A presentation by International Power Canada about the benefits of its proposed industrial wind turbine project in Sydenham Township failed to impress members of Meaford council.
IPC representatives Tim Sullivan and David Timm made a presentation about IPC’s wind farm proposal at council’s regular meeting and explained how they believe it would benefit the community as a whole.
Benefits they cited included:
• 50 per cent of the costs of the project must be sourced in Ontario.
• $5 million would have to be spent on cement, rebar and aggregate.
• $110,000-120,000 in increased property tax paid annually to the municipality/county.
• $350,000-450,000 would be paid to property owners hosting turbines.
• An annual payment to the municipality as part of a community benefit fund for the life of the project.
• 100-120 people hired during construction.
• Spin offs during construction for local hotels and restaurants.
• A total of six full-time positions for operation and maintenance of the project.
However, the impacts presented by the IPC representatives were directly refuted by members of council and by a report prepared by local resident Michael Anderson.
Director of Building and Planning Rob Armstrong presented Anderson’s report to council as part of his larger report on the entire alternative energy issue. Anderson was one of the key citizen players during the development of the Meaford Economic Development Strategy (MEDS).
In his report Anderson said benefits from an industrial wind turbine project would be negligible for the municipality when the negatives of such a project were considered.
“Any increase in taxation from the turbines would be offset by the probable reduction in assessment on the homes in that area,” Anderson said in an interview after the meeting.
Anderson also said tourism to the local area would be negatively impacted by the turbines.
“In Greenland, tourism dropped 40 per cent in areas with turbines. It’s very probable we’ll experience a reduction in tourism,” said Anderson. “The quality of our landscape is one of our key assets. It’s impossible to think there wouldn’t be any negative impact on our tourism,” he said.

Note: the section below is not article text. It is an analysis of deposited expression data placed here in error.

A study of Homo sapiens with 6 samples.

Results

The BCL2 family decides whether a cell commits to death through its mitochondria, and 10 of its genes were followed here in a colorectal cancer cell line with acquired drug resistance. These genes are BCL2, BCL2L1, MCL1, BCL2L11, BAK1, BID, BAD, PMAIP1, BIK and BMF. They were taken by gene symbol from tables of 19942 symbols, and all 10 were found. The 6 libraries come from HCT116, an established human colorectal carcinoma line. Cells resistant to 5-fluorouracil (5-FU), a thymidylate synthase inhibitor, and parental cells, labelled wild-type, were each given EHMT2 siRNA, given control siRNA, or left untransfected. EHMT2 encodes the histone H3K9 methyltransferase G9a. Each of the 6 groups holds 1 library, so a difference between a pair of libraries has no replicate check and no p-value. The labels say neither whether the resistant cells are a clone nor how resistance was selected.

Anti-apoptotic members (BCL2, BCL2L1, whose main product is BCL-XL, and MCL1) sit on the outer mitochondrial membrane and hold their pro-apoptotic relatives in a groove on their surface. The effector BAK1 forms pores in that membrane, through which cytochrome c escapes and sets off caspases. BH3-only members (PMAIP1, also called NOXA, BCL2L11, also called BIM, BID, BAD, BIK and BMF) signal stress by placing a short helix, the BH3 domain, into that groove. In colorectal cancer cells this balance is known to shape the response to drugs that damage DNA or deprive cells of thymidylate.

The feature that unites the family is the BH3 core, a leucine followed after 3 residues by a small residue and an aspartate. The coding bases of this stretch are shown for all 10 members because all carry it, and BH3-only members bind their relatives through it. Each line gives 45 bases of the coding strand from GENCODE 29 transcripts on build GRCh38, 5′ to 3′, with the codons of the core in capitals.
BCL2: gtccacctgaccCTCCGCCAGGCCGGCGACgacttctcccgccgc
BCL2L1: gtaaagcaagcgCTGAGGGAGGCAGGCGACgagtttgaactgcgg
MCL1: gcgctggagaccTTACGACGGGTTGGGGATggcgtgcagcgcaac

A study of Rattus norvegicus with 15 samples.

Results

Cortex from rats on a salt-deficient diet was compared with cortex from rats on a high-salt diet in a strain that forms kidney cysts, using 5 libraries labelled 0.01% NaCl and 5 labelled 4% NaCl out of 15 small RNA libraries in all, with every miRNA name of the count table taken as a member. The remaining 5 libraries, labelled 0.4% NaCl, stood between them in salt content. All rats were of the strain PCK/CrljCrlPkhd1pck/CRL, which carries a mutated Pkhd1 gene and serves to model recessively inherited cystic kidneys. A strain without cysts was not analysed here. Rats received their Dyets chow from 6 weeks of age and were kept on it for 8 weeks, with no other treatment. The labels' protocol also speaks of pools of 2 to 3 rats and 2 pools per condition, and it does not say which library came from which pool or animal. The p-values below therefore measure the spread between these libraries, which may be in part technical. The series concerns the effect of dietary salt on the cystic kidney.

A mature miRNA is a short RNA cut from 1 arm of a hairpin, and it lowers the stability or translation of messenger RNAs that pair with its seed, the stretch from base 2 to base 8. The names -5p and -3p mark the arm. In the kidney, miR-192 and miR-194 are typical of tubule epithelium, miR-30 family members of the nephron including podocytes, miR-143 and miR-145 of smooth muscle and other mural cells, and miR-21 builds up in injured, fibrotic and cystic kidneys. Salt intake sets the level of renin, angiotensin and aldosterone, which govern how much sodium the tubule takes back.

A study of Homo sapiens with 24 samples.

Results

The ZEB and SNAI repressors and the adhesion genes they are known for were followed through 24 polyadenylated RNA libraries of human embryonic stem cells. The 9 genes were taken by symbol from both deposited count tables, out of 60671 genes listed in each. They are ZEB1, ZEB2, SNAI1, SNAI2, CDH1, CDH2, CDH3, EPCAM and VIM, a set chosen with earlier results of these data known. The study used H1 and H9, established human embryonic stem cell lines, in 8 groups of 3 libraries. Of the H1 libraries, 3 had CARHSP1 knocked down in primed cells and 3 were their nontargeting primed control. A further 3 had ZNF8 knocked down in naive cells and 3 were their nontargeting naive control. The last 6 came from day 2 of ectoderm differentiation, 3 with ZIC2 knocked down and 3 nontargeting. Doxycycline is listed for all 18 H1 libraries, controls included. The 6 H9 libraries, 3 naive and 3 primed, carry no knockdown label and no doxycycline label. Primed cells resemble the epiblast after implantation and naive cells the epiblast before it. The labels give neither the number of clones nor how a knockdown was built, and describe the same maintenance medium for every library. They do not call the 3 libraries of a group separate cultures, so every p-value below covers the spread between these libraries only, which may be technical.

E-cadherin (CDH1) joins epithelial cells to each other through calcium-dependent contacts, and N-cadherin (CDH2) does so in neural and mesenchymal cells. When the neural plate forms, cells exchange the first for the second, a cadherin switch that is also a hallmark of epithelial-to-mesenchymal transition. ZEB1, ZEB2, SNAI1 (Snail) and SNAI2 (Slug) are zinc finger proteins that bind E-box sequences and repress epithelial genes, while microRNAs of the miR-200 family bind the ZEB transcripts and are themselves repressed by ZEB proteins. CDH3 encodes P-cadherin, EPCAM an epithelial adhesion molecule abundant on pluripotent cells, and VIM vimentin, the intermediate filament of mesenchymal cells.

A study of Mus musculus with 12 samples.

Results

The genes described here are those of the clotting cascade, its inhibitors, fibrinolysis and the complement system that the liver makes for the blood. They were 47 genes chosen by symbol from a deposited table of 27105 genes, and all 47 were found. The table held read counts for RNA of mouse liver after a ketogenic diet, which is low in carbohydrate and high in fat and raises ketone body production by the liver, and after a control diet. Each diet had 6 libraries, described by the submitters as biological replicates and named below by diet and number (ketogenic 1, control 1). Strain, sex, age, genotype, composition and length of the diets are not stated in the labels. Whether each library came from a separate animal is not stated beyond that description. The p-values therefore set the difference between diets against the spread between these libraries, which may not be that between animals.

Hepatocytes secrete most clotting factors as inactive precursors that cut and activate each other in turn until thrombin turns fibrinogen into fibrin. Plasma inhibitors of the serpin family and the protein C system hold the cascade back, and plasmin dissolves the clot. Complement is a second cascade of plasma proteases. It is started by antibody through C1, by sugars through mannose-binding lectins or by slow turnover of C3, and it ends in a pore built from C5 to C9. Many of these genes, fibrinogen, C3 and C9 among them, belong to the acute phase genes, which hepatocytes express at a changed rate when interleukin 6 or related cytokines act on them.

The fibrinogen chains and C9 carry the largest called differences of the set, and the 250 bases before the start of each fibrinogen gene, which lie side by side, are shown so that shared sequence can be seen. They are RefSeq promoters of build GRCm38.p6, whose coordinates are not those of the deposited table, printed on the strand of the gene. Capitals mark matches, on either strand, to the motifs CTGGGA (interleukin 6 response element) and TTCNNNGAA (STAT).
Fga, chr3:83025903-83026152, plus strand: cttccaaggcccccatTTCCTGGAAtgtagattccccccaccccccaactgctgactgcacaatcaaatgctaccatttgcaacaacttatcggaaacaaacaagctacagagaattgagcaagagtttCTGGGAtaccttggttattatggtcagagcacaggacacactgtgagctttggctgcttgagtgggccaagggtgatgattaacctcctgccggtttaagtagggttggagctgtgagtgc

Anderson also pointed out that the revenues the IPC representatives referred to in their presentation were for the life of wind farm – they are not annual revenues the municipality/land owners would receive from the company.
The list of benefits presented by IPC also failed to impress Deputy Mayor Harley Greenfield. The Deputy Mayor referred to the $350,000-400,000 to be paid to landowners that will host turbines. Greenfield asked exactly how many landowners would receive that money. The IPC representatives confirmed that 10 landowners have agreed to host turbines.
“That’s a substantial amount of money distributed in a fairly small circle,” he noted, also pointing out that the 100-120 jobs during the construction phase would be very short-term in nature.
In an interview later in the meeting Deputy Mayor Greenfield said the list of apparent benefits the municipality would receive from the wind farm didn’t impress him. The Deputy Mayor pointed out that rural Ontario is being told to host wind farms by the Liberal government at Queen’s Park, but are receiving virtually no lasting economic benefits.
“At the OSSUM conference (Minister of Trade and International Development) Sandra Pupatello had a map of Ontario that showed where the jobs coming from industrial wind turbines are going. They were all entirely along the 401. There was nothing north of Brampton,” said Greenfield. “That’s great for them, but I would argue that they have a pretty good job market there. Why aren’t we getting a piece of that pie? Why aren’t we getting some long-term employment here?” he asked.